W07 - Improving research linking and visibility of specimens and physical samples through standardised identifiers and metadata
|Full Title:||W07 - Improving research linking and visibility of specimens and physical samples through standardised identifiers and metadata|
|Short Title:||Standardising specimen identification|
|Organizer(s):||Donald Hobern, GBIF Secretariat|
|Contributors:||Rob Guralnick, Simon Cox, Kerstin Lehnert, Ramona Walls|
Unsolicited contributions considered? Yes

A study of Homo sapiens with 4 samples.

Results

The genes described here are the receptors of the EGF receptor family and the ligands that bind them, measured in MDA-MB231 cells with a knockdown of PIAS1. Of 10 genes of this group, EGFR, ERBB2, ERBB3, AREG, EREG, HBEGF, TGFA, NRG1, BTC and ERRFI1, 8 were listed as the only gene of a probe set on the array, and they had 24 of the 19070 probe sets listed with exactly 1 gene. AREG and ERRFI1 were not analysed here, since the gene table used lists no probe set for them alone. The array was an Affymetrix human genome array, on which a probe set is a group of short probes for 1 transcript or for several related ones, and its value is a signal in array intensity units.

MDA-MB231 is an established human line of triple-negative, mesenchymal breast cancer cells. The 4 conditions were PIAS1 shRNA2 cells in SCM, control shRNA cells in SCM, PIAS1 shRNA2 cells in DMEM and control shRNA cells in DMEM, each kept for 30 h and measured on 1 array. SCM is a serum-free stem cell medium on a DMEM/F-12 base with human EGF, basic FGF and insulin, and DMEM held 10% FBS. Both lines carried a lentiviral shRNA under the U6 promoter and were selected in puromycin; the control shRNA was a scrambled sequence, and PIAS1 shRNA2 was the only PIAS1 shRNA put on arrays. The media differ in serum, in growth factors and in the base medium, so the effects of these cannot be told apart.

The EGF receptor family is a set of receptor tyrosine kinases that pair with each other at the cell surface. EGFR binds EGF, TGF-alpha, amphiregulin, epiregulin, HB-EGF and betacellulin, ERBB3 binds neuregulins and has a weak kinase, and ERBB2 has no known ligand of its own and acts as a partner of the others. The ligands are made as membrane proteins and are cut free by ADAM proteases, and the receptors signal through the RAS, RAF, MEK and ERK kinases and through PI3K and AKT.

Specimens are a key foundation to our knowledge of biodiversity. They are physical samples that represent and enable us to characterise biological entities. It is critically important to record the relationships of these specimens to occurrences of taxa and ecosystems, to observational systems used in scientific investigations (e.g. sites and facilities, site visits, campaigns, observation activities), and to the data and information products derived from these (images, datasets, reports, publications, assessments and recommendations). However, our ability to do this reliably is constrained by the lack of a generally adopted approach to specimen identification, which is compatible both with scholarly usage and with relevant IT systems. TDWG previously adopted Life Science Identifiers (LSIDs) as the recommended system for this purpose, but these have recently been deprecated. Successful universal identifier systems used in the scholarly community in general, or in some nearby disciplines include DOI (Digital Object Identifier), ORCID (Open Researcher and Contributor ID), BOLD (Barcode of Life Data Systems), each of which have specific strengths and limitations. While Darwin Core provides standardized metadata to describe biodiversity samples and standards such as DataCite can support citation and basic linking among identified objects, no existing infrastructure fully implements the ability to identify and link biodiversity specimens to the natural entities from which they were derived, or the physical and digital entities derived from them. The International GeoSample Number (IGSN) has a similar scope to the requirement of the biodiversity community, but until now has largely been confined to the earth sciences. An identifier system for biodiversity samples should be compatible with these to allow interoperability across discipline boundaries. This workshop is a follow-up to a symposium on ‘Linking environmental data and samples’ held in Canberra, May 2017 (Cox et al. 2018). The goal of this workshop is to discuss and converge on the requirements for long-term stable identification of specimens in biodiversity, evaluate existing solutions, and assess any progress that may have been made since a workshop held in conjunction with TDWG 2014 (Guralnick et al. 2015).